You should always write the first thing that comes into your head, because in my experience there isn't going to be a second.

When you write fiction, always ask yourself, “Have I got the most out of my plot?” So far I’ve got forty-six novels out of mine.

Pay attention to how you start your morning. I find it helps to get up on the right side of the bed. If I get up on the wrong side of the bed, I hit a wall. I’m not being metaphorical here.

Tension is what makes narrative happen. You need to have an unanswered question that the reader wants to see answered. For example, my readers have told me over and over that the question in their minds when they were reading my books was “When is this book ever going to end?” That’s tension.

The first question young writers ask me is “How do you get published?” My answer is always the same: set your sister up with an acquisitions editor and let nature take its course. It worked for me.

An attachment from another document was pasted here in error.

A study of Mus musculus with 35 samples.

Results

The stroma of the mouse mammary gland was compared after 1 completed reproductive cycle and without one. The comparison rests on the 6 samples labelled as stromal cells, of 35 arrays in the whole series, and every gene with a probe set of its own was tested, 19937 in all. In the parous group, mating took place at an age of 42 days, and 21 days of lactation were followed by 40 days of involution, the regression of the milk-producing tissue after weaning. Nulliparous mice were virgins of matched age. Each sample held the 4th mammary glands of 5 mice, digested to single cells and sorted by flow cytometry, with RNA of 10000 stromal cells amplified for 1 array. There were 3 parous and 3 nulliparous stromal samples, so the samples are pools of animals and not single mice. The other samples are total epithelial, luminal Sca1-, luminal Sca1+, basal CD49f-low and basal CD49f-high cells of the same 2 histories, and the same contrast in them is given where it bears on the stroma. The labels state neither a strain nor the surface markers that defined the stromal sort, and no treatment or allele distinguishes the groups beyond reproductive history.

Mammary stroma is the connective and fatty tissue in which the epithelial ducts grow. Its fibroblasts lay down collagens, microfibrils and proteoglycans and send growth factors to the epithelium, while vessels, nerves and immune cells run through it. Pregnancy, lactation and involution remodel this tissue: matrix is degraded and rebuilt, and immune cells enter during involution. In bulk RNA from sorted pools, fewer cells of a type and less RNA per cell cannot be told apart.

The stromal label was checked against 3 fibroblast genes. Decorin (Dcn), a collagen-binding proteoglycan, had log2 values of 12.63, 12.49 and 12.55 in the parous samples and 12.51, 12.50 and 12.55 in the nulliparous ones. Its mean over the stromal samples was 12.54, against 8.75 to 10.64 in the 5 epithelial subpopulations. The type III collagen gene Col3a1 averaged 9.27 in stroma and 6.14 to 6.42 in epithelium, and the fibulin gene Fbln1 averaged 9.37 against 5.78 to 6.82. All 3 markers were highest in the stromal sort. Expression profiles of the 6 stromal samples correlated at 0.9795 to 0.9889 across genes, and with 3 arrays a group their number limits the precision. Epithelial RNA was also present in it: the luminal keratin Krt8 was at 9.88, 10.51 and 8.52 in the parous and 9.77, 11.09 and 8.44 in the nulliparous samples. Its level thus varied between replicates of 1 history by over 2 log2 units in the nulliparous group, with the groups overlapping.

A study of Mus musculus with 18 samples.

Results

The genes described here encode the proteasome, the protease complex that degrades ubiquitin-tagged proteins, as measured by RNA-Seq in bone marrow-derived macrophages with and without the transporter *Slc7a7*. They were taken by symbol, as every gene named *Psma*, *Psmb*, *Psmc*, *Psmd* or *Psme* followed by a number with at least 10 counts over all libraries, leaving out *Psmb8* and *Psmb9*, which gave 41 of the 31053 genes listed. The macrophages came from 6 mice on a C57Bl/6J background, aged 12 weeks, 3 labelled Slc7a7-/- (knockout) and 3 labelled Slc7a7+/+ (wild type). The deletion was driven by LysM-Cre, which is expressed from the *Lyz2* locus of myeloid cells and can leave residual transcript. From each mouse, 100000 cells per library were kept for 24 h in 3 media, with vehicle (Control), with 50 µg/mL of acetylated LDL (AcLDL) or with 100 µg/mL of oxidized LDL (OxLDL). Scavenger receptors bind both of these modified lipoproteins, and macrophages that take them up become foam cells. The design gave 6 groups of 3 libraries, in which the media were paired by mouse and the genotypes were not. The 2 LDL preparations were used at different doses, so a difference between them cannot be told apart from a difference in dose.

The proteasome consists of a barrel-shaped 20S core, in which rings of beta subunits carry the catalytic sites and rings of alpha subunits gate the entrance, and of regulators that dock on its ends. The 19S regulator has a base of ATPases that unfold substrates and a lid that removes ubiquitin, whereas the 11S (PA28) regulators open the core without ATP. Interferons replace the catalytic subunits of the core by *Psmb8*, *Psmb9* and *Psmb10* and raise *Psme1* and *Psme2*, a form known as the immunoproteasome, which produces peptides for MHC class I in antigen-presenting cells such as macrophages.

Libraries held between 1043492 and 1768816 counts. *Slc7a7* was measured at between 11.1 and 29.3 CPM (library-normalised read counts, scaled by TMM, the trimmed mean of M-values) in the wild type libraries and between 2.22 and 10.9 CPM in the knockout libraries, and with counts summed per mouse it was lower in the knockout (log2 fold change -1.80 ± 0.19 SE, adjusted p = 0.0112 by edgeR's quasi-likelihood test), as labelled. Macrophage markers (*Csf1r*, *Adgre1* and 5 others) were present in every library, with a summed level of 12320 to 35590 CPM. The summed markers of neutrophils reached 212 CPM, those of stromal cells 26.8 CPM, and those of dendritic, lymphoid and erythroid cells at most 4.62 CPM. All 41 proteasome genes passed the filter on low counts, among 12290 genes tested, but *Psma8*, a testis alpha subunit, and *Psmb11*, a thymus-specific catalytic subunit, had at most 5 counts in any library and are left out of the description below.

Sometimes students ask me, “Is it necessary to suffer for your art?” I say no. I have always believed that the purpose of my art is to make others suffer.

When aspiring writers ask me how to deal with writer’s block, I have a ready answer: plagiarism. Many writers are not aware that all novels from more than 95 years ago are out of copyright in the United States. This can be a great timesaver.

“Write about what you know” is sound advice, but it is also necessary to write what will sell. This is why so many writers lead second lives as part-time costumed superheroes.

When people ask me for advice on style, I always say, “Avoid the passive voice.” This sends them scurrying off to figure out what the passive voice is (I have no idea myself), and I can finish my latte in peace.